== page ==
Last in a six-part series:
Part 1: Ram's the word
Part 2: The adventure begins
Part 3: Guides and guiding
Part 4: No two days the same
Part 5: Around the mountain we go
It's the second week of October, and I'm on a guided sheep hunt with Scoop Lake Outfitters in the Kechika Mountains of northern B.C. with guide Nick Fabish, wrangler Richard Craig, and eight horses. We are back at Wiser’s Lake camp after chasing sheep for a week at a distant spike camp.
Weather is still good, cooled off a bit, much windier now but still no snow. The ground is bare and dry, so dry that one dares not light campfires for fear they will run with the wind. Forest fires are still burning nearby, smoke is in the air, but not enough to hamper long distance glassing. Five days left of my two-week hunt.
After another unsuccessful day finding a qualified ram, we close down Wiser’s camp, pack the horses, and head for Alberta Springs meadow and, with the move, ever closer to Scoop Lake and home for the horses. After a long and windy day in the saddle, looking at mountains and past a still smoking wildfire, we reach our cabin in the woods.
This time we're all in the same room and, with that, instructions on how to deal with Evan and his snoring. Just call my name; I'm well trained at rolling over and giving a brief respite before I start again.
Horses are hobbled and turned out so, if they so choose, they must pass by the cabin if they decide to head for home. Their GPS collars are now dead. Tomorrow is to be the last day of hunting as, after that, it's another long day of riding with few areas of sheep potential. It rains hard most of the night. Being in a cabin with a tin roof and no insulation, might as well have been inside a drum. At least that drowned out my snoring.
Morning comes and no horses, no bells. They snuck past and started towards home on the trail. Off Richard goes, catching up to them, two miles distance. After a slow process of trying to chase hobbled horses in the opposite direction they wish to go, he decides to take their hobbles off to make better time, but, without halters or hobbles, the horses have other ideas. They all bolt for home and off they go, Richard chasing behind. A satellite message goes out to Nick that the horses are headed for home, on the run, and off Nick goes with all the halters.
Five miles later, Nick catches up and passes Richard, and catches the horses on a rocky gravel bar, their feet now too sore to run anymore. It's a bareback ride back to camp by 1 p.m., Richard an hour behind. Today’s bright spot: they didn’t have to walk all the 20-plus miles to Scoop, then come back tomorrow for me.
Both are beat, so there's no hunting today, as it's too late to head up the mountain. And with that, my sheep hunting is limited to hoping for one along the trail back to Scoop.
Another camp to break, to put the bear deterrents in place, and saddle up for the long ride home. A few goats, lots of wolf tracks, lots of creek crossings and just before supper we arrive back at Scoop. The horses are happy to be there, and stand quietly as the few remaining shoes are removed, happy to be back where there is still some green grass, and to be turned loose for the winter on their home range.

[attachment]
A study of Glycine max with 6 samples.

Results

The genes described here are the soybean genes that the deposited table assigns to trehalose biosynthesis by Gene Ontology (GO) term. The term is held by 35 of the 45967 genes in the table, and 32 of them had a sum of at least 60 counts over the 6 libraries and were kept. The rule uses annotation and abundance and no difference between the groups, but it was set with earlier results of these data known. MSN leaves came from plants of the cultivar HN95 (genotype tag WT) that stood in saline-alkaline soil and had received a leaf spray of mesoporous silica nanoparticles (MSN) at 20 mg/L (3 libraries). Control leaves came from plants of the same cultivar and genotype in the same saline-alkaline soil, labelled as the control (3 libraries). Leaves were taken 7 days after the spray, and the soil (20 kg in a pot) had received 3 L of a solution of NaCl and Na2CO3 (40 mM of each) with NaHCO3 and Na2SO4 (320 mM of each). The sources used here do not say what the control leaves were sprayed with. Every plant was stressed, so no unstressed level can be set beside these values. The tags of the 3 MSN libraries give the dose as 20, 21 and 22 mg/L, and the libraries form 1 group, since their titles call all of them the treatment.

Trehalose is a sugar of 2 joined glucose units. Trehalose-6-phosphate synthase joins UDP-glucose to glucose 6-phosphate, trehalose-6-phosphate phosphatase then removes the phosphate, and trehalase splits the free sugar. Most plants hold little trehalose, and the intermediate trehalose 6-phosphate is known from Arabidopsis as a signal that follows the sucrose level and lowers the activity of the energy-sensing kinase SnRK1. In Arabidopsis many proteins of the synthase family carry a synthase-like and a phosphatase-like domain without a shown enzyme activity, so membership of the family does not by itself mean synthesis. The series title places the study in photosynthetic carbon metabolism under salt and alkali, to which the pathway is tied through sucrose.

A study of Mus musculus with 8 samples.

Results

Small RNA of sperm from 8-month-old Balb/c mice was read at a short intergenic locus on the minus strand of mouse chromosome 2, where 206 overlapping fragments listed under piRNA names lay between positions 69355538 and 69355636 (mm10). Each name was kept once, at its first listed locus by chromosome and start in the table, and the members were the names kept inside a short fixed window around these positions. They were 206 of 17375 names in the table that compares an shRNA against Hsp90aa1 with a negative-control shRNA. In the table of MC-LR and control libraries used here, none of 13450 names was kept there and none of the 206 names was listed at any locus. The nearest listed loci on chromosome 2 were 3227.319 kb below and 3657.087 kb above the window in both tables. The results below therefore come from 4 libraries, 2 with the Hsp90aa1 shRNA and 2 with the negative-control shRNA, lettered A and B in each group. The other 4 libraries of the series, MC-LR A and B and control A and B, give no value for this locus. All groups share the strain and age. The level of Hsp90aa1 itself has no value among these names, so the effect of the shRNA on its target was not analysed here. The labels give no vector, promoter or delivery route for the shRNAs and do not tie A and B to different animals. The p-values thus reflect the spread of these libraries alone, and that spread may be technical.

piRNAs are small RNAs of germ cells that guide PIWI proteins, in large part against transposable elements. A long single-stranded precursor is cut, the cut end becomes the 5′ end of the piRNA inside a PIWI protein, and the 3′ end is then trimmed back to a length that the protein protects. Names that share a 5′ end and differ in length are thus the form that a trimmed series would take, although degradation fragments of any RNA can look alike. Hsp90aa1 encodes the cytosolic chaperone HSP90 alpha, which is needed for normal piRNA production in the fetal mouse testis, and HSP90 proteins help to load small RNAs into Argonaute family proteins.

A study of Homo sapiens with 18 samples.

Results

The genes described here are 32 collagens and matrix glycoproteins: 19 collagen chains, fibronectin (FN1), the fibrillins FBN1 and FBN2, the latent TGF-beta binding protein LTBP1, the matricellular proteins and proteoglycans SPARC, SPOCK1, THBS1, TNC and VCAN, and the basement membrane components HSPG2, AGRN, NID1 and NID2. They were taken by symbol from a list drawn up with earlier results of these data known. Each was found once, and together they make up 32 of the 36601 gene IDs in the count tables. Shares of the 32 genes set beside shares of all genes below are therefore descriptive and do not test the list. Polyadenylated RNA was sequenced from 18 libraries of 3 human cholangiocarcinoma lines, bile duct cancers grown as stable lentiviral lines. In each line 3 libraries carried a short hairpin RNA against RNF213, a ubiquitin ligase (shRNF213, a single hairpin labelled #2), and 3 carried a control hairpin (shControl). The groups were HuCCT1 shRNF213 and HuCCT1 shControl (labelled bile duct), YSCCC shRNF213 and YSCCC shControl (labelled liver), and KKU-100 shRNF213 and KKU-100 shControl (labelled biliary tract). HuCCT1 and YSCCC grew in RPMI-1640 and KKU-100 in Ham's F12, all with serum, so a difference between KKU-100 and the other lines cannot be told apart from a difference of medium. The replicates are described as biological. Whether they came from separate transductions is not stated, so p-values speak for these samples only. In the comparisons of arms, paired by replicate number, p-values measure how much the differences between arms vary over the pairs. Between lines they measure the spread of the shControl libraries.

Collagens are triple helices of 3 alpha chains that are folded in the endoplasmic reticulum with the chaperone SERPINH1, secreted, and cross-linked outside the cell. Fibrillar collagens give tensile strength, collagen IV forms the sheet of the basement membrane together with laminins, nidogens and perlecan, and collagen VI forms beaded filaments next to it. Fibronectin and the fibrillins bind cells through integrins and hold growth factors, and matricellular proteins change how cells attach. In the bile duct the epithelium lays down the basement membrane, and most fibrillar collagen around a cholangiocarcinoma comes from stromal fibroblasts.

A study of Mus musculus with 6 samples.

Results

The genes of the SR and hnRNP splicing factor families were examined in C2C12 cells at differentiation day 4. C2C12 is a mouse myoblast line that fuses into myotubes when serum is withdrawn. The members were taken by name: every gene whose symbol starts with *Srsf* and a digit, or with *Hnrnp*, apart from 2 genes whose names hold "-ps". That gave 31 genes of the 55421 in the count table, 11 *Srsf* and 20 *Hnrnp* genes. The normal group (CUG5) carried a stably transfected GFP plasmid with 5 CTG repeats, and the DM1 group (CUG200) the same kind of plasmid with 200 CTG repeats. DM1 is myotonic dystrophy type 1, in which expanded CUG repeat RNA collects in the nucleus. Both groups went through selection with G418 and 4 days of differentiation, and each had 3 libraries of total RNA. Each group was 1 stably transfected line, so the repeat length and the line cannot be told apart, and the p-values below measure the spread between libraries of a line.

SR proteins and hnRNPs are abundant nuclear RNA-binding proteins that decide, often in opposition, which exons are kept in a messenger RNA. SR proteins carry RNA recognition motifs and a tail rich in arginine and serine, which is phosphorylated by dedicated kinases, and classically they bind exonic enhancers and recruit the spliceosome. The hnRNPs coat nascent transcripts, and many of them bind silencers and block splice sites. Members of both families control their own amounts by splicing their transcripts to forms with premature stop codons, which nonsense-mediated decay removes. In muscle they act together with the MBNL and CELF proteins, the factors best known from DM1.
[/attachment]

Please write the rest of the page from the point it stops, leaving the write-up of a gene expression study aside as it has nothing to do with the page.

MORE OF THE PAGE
Me, I'm also happy to be back unscathed, a bit sad on not finding my ram, but truly appreciative of a great time spent in the solitude and magnificence of these remote northern landscapes. It was a great adventure, one that most will never experience, and that's a good thing. These places do not deserve to become another Banff or Jasper, and be changed by the sheer number of visitors.
The Northern Rockies, Muskwa, and Kechika areas are one of B.C.’s true gems, preserved for the wilderness they are, and available to those with the time, money, and desire to visit, to experience something that has always been and, hopefully, always will be.
Thinking back, would I do anything different? Not really. I didn’t need to shoot something just to say I was successful. I didn’t need to kill myself either in trying, but I do feel for the guides. Being the last hunter looking for a scarce commodity usually results in staying to the very end, at a time when everyone wants to go south and go home.
Would I do it again? At the time, I thought no. I'm getting to the end of my body's willingness to take on these mountains and the physicality. But, in reality, maybe; might think about one more time, or maybe just look for a mountain goat, something a bit easier to find, yet just as hard to get to.
And for those out there wishing to experience this, you can, if it's high enough on your bucket list. Not cheap, but what great adventures are?
For those who don't hunt, there are ways to do this. Some outfitters offer up wilderness trips prior to the start of hunting season on Aug. 1, or with wilderness packers like Wayne Sawchuk at Muskwa-Kechika Adventures, who take visitors on summer horse back trips through some of these same areas. Or, if physically and mentally prepared, to do it by oneself with everything on your back.
Finally, thanks to Denim, Liard, Crazy Eye, Moose, Red, Bud, Zeke, and Horace, the horses who made this possible. 2022 was a tough year on them, not helped by the provincial government’s shortening of the moose season, so all previously booked hunters arrived in a compressed timeframe, requiring these horses to pack more hunters and more meat than they normally do, and then still have someone like me show up, who rides all over the country in hopes of finding a grand ram. I know you were tired, that your feet hurt, and that you just wanted to go home.
Never know, as memories of the sore body fade, maybe I will be back one more time.
Evan Saugstad lives and writes in Fort St. John.